02/11/13

Donald Byrd Dies at 80

Trumpet legend made his mark in jazz and R&B

Donald Byrd, the trumpeter whose impact spanned the worlds of hard bop, fusion and rhythm and blues—and whose groove-heavy ’70s recordings influenced hip-hop artists as well—passed away Feb. 4. He was 80.

News of Byrd’s death was withheld by his family for unknown reasons and neither the cause nor place of death was revealed. However, a funeral notice posted in Michigan confirmed Dr. Byrd’s passing.

By John Abbott
By Mitchell Seidel


But Byrd’s major contribution to jazz as a leader took place during his first several years with Blue Note Records, to which he was signed in 1958. Several of those albums, including Off to the Races, Byrd in Hand and Fuego (all 1959), the two volumes of At the Half Note Café (1960), Royal Flush and The Cat Walk (1961) and A New Perspective (an album based on spirituals, released in 1963), are considered hard-bop and label classics. His 1961 set Free Form, which included Wayne Shorter and Herbie Hancock (whom Byrd is often credited with discovering) among its personnel, presaged the funk that Byrd would embrace a decade later.

Born in Detroit on Dec. 9, 1932, Donaldson Toussaint L’Ouverture Byrd II studied trumpet and composition in high school and college, after which he joined the Air Force and played in its band. He graduated from Detroit’s Wayne State University in 1954 and, after receiving his master’s degree from Manhattan School of Music, began a prolific career as a sideman. Between 1955 and the end of that decade, Byrd’s trumpet could be heard on recordings by Kenny Clarke, Oscar Pettiford, Jackie McLean, Hank Jones, Billy Taylor, Gene Ammons, Horace Silver, Hank Mobley, Phil Woods, Sonny Rollins, Lou Donaldson, Jimmy Smith, Art Taylor, Kenny Drew, Sonny Clark, Red Garland, John Coltrane, Thelonious Monk and others.

Byrd’s first major break occurred in late 1955 when he joined Art Blakey’s Jazz Messengers, appearing on the group’s album The Jazz Messengers for Columbia Records that year. By 1958 Byrd had struck out on his own, co-leading a group with baritone saxophonist Pepper Adams that lasted for three years while simultaneously recording under his own name for Blue Note.

In the early ’60s, Byrd also studied music in Europe, and he subsequently became a highly respected pioneer in jazz education, developing courses for universities and conservatories in the United States. He taught at several colleges, including Rutgers University, Hampton University, Howard University, North Carolina Central University (where he formed a band called Donald Byrd and the 125th St NYC Band), North Texas State (now the University of North Texas) and Delaware State University. He also held clinics and gave private lessons. Byrd received a law degree in 1976 and received a doctorate from Teachers College of Columbia University in 1982.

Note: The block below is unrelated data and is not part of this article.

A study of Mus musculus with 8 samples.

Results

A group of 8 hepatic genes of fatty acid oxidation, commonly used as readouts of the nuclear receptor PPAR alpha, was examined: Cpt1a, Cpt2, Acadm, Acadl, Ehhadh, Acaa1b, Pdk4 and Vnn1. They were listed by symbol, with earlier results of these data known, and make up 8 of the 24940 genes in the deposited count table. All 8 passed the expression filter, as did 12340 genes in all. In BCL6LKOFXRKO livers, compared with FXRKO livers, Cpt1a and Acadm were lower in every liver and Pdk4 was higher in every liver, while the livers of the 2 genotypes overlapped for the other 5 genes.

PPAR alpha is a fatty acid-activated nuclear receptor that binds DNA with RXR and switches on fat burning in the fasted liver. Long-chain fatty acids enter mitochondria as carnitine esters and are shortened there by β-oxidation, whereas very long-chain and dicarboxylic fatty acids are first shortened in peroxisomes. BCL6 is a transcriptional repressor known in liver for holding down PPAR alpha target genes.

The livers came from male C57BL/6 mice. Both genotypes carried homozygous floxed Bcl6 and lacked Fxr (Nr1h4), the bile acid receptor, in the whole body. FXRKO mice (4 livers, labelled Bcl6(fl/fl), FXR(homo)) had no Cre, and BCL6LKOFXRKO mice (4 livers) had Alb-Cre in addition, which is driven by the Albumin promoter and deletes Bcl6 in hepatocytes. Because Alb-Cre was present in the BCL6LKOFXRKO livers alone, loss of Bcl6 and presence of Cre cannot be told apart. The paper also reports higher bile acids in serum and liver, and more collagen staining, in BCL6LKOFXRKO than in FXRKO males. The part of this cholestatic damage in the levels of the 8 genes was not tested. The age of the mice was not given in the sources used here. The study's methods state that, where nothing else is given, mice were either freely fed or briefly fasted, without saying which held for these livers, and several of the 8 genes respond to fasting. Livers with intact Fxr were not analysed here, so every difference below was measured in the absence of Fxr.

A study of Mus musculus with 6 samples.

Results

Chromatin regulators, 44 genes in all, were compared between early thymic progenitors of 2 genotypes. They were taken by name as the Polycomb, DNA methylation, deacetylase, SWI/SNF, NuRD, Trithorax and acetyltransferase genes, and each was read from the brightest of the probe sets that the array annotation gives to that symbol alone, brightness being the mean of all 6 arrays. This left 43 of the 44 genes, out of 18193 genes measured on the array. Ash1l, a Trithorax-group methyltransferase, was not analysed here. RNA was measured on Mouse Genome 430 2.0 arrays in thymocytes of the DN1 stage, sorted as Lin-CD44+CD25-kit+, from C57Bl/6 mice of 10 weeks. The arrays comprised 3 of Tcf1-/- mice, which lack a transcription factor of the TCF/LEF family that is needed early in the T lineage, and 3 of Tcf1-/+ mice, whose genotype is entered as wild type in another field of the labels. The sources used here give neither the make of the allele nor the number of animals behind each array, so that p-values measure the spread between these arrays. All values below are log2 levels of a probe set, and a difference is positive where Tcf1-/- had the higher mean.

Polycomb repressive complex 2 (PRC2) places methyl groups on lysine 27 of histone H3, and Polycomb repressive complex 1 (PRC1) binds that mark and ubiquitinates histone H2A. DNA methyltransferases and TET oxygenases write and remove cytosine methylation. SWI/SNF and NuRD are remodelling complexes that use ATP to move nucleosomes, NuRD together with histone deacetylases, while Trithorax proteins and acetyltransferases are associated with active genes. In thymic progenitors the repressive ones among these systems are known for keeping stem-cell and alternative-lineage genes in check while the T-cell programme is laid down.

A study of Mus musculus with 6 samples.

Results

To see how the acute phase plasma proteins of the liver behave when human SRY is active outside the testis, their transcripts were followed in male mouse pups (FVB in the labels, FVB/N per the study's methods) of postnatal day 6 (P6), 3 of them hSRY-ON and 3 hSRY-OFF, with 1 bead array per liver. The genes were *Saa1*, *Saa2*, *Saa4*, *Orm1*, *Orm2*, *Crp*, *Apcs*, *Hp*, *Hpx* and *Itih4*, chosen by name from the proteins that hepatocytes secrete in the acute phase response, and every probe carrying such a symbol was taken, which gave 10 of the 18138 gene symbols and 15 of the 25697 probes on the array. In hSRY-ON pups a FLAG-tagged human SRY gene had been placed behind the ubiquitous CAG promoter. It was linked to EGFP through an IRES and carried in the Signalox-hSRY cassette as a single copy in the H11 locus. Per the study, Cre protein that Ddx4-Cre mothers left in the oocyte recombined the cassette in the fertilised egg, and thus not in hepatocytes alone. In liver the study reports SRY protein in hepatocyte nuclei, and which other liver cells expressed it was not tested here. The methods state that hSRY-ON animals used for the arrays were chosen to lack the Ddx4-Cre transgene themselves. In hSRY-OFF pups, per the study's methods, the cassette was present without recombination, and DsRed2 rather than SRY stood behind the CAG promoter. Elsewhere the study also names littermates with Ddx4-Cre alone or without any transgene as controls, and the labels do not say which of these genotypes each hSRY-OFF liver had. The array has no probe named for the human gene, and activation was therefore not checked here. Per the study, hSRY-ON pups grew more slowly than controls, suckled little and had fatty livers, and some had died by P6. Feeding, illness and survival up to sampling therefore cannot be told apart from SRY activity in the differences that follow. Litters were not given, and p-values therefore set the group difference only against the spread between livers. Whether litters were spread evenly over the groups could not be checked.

In 1965-66 Byrd served as an arranger for the Norwegian Radio Orchestra. By the late ’60s and early ’70s, he began to alter his stylistic focus, on albums such as 1970’s Electric Byrd, toward the then-emerging fusion. Within the next few years, working in tandem with producer Mizell, who also began writing most of his material, Byrd veered wholly into the funky danceable rhythms prominent in rhythm and blues at the time. His 1973 album Black Byrd alienated many jazz purists but ultimately became the best-selling album in Blue Note’s history up to that time. Street Lady (1974) became Byrd’s highest-charting entry in Billboard, peaking at No. 33.

Byrd was no longer performing with the Blackbyrds by 1975 when their Fantasy Records single “Walking in Rhythm,” built upon a proto-disco beat, and which Byrd produced, reached No. 4 on Billboard’s R&B singles chart and No. 6 on the pop singles chart. Another single, “Happy Music,” climbed to No. 3 on the R&B chart and No. 19 on the pop chart.

Several of Byrd’s albums from his funk period—including 1975’s Places and Spaces and Step Into Tomorrow—have become prime sampling sources for hip-hop artists. According to the website Brooklyn Vegan, Byrd was sampled by such artists and producers as Guru, Black Moon, J Dilla, Large Professor, Public Enemy, Nas, Jungle Brothers, Ice Cube and others. Byrd was also popular among acid-jazz artists in the U.K.

By 1978, Byrd had moved over to Elektra Records and in 1983 he switched again, to Landmark Records, where he returned to the bop of his earlier career. He never rekindled his fortunes as a commercial force, even as his earlier efforts continued to attract new audiences. Byrd spent the bulk of his time in recent decades as an educator. He was named an NEA Jazz Master in 2000.